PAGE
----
The Inevitable Tax Drop
You can almost set your watch by it. The state budget picture is a mess, Democrats ask for a balanced solution, Republicans hold their ground and say no, Democrats don't have the vote so they let it go. It happens practically every single year, and it's happening again, according to CapAlert:
Gov. Arnold Schwarzenegger and Senate President Pro Tem Darrell Steinberg said separately Thursday that they are optimistic a budget deal can be struck within several days.
The tone of their comments marked a stark contrast to Capitol fighting over the last few weeks between Democrats and Republicans over bridging the state's $26.3 billion budget gap.
Steinberg also said Democrats had given up any attempt to increase taxes on tobacco or establish an oil severance tax [...]
The Senate president said that Democrats no longer are pushing for a 9.9 percent tax on oil extraction or for hiking the state's tobacco tax by $1.50 per pack.
"We would like to see an increase in the tobacco tax and the oil severance tax as a solution, but in this chapter that's not realistic and it's not what we're holding out for," Steinberg said.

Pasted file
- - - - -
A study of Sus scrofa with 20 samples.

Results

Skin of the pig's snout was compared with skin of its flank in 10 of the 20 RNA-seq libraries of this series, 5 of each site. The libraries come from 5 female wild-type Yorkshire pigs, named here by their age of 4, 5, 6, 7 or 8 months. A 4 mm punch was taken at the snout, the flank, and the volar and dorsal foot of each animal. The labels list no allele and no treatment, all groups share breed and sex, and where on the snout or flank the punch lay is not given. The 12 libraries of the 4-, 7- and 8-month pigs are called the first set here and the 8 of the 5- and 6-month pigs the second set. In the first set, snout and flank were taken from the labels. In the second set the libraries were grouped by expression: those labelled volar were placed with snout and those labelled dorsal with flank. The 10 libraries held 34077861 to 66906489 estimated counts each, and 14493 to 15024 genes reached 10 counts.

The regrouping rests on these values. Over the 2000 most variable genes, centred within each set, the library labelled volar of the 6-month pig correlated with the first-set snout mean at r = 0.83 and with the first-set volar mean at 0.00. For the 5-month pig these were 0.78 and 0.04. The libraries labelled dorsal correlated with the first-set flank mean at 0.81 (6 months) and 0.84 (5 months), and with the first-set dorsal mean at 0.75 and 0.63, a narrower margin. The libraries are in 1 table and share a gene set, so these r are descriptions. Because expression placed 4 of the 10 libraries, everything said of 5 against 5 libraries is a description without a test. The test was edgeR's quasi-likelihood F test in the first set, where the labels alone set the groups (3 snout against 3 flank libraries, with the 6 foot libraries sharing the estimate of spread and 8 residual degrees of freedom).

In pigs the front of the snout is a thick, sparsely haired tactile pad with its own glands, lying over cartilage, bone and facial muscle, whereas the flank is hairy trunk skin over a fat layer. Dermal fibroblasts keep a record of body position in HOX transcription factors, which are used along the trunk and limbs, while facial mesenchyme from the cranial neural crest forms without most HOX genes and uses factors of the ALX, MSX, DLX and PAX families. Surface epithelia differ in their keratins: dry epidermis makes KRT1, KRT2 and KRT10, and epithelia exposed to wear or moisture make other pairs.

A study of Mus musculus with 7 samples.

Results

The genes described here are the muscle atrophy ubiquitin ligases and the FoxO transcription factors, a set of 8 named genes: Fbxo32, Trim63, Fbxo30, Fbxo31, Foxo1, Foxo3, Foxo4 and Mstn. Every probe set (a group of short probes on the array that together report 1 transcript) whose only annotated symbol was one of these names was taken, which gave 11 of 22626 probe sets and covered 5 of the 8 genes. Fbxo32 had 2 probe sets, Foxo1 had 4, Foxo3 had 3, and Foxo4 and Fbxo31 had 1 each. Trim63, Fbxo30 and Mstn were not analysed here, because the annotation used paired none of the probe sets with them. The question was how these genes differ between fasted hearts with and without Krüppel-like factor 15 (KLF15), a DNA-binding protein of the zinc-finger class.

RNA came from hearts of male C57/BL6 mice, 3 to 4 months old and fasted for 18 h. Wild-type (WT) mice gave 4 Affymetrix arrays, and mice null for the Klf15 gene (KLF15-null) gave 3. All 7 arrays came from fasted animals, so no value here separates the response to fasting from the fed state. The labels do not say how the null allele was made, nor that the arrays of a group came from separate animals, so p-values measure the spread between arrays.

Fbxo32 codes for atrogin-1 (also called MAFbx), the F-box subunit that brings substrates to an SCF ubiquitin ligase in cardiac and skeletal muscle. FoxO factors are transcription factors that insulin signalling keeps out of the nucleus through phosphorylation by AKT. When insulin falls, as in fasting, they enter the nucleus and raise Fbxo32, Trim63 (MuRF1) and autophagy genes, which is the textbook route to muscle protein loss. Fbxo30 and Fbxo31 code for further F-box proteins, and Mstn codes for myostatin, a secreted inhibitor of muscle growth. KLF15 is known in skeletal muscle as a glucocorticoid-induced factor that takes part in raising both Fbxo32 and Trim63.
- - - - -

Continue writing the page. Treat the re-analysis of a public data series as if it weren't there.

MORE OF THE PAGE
It's never going to be realistic in ANY CHAPTER. Republicans know exactly how to play this game. Their votes are needed for tax increases, so if they hang together they cannot lose. The Democrats haven't figured out how to shame the Yacht Party or make them pay for their votes, giving them no reason to do anything but hijack the process. You'll notice that as a result of this horrific experiment in governance, California is operating worse than practically every other state in the union.
We've seen this kind of "it's almost over" trial balloon on many occasions, so I wouldn't put on the party hats just yet. But somehow at the end of this process, somebody will step up to a microphone and claim how reaching agreement is a sign of success. No. It's a sign of failure. A failure to responsibly manage the state's finances, reflected by the worst economy in 70 years. The only lesson that can be learned from this process is that it's fundamentally broken.
P.S. You'll be thrilled to know that Schwarzenegger still sleeps well at night.
Schwarzenegger and I then repaired to a tent that he had put up in a courtyard next to his office, which allows him to smoke cigars legally at work (no smoking is allowed inside the Capitol). The tent is about 15 square feet, carpeted with artificial turf and outfitted with stylish furniture, an iPod, a video-conferencing terminal, trays of almonds, a chess table, a refrigerator and a large photo of the governor. Schwarzenegger reclined deeply in his chair, lighted an eight-inch cigar and declared himself “perfectly fine,” despite the fiscal debacle and personal heartsickness all around him. “Someone else might walk out of here every day depressed, but I don’t walk out of here depressed,” Schwarzenegger said. Whatever happens, “I will sit down in my Jacuzzi tonight,” he said. “I’m going to lay back with a stogie.”
This is the guy who dares to chide others for not doing their job.